With one in five baby-boomers now a millionaire, there is a perception that the later life generation is cash rich. Factors such as final salary pension schemes have undoubtedly helped inflate this age group’s wealth but a key driver has been the UK property price boom, meaning a large proportion of baby-boomers’ wealth is tied up in their homes.
Retirement is now lasting much longer, bringing with it the potential of higher care costs in later life. Figures published earlier this year show the lifetime mortgage market hit almost £4bn in 2018. Not only this, but the fact the average house price in Britain has risen a massive 270 per cent in the past two decades means there is also greater pressure on the ‘Bank of Mum and Dad’ to help younger relatives get on the property ladder.
With this extra pressure on hard-earned retirement savings, unlocking tied-up capital from a home is becoming an increasingly popular financial tool. Figures published by the Equity Release Council (of which we are a member) earlier this year show the lifetime mortgage market hit almost £4bn in 2018 – up nearly 30 per cent on the previous year. The sector saw 46,000 new customers in 2018 – a rise of a quarter on 2017 – with 12,891 new equity release plans agreed just in the final three months of last year.
Life expectancy has been on the rise until very recently. Official figures from the Office for National Statistics show life expectancy for men hit 79.2 years in 2015 to 2017 (the latest data available) and 82.9 years for women, up from around 71 and 77 respectively just since 1980 to 1982.
This means many people will now be living longer in retirement, which means their savings will have to go further. Property wealth can provide an alternative source of income to meet the costs of modern day retirement. A lifetime mortgage could be an option for many retirees, not just those struggling to fund their day-to-day expenses on their retirement income. You might might be able to afford their monthly expenses but also want to free up some extra cash for home improvements or a new car. Others could need an extra injection of cash to fund a life goal, such as the trip of a lifetime.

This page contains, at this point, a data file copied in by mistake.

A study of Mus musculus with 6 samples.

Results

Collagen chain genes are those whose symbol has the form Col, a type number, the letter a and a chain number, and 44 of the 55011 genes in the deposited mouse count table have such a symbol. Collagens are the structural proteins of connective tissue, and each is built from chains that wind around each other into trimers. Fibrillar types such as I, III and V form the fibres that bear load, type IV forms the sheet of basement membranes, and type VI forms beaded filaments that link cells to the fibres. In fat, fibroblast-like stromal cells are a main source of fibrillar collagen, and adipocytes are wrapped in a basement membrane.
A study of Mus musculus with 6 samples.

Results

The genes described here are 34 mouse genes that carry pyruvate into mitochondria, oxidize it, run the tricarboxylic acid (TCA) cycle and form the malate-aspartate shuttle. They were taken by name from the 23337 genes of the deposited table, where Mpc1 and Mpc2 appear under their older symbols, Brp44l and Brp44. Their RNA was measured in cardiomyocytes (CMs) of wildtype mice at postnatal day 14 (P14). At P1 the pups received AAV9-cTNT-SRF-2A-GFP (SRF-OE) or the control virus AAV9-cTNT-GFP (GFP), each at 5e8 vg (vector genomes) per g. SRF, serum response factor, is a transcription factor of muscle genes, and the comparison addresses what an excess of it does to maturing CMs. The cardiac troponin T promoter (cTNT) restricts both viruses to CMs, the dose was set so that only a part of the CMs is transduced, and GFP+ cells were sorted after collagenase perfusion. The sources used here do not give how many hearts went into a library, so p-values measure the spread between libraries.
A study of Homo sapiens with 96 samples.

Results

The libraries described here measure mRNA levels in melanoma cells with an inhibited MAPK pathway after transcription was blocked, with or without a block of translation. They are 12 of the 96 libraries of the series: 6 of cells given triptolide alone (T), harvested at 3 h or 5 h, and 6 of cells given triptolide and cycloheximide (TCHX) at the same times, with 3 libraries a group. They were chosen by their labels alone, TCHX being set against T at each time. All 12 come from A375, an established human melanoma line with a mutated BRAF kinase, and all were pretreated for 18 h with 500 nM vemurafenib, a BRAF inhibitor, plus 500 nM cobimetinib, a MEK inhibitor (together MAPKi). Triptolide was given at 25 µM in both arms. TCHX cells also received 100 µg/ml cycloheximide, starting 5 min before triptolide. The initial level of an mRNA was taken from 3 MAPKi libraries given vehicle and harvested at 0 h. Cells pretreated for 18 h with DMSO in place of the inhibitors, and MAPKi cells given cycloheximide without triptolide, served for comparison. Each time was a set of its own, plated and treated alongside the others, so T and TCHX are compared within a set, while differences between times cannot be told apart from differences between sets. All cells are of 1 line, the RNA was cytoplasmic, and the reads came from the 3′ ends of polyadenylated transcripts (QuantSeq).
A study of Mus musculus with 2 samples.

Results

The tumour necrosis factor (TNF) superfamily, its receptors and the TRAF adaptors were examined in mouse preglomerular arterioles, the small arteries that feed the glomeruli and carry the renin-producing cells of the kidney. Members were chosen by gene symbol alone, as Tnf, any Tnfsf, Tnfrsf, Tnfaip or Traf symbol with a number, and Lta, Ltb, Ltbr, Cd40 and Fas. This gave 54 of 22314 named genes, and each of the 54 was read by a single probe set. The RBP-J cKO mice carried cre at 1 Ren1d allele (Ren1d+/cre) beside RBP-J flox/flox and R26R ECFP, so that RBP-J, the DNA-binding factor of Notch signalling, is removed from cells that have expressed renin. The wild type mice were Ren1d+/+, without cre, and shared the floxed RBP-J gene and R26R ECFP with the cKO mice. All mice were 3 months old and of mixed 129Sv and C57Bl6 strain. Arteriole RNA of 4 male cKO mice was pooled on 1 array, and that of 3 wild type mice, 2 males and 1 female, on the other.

Lifetime Mortgages - A Definition
A lifetime mortgage is a loan secured against a your home and is a type of equity release that can provide a cash lump sum or a regular income over a fixed term.
The loan is only repaid once the property is sold due to the death of the last surviving policyholder or they are moved out of the home and into long-term care. It is worth noting if a couple take out a mortgage and one person goes into care but the other one remains in the home, then the mortgage will continue. Interest is charged on the loan plus any interest already added, which means the amount a client could owe upon taking out such a product can increase quickly over time.
While lifetime mortgages may not be suitable for every client, those who take the policies on can be assured two common myths are untrue. Firstly, as long as the customer meets the terms and conditions, they will never be ‘kicked out’ of their home. Unlike a conventional mortgage, lifetime mortgages are based on the value of the customer’s home and because with many mortgages the loan is not paid back until the customer moves into long-term care or dies, the customer is unable to default on the loan.
Secondly, all equity release plans approved by the Equity Release Council will benefit from the no negative equity guarantee safeguard. This ensures that a borrower or their estate will never owe more than the value of their home. There is also a misconception that the unlocked equity can only be taken as a cash lump sum, making lifetime mortgages inflexible products. In fact clients can opt to receive a regular income or smaller amounts, as and when they need.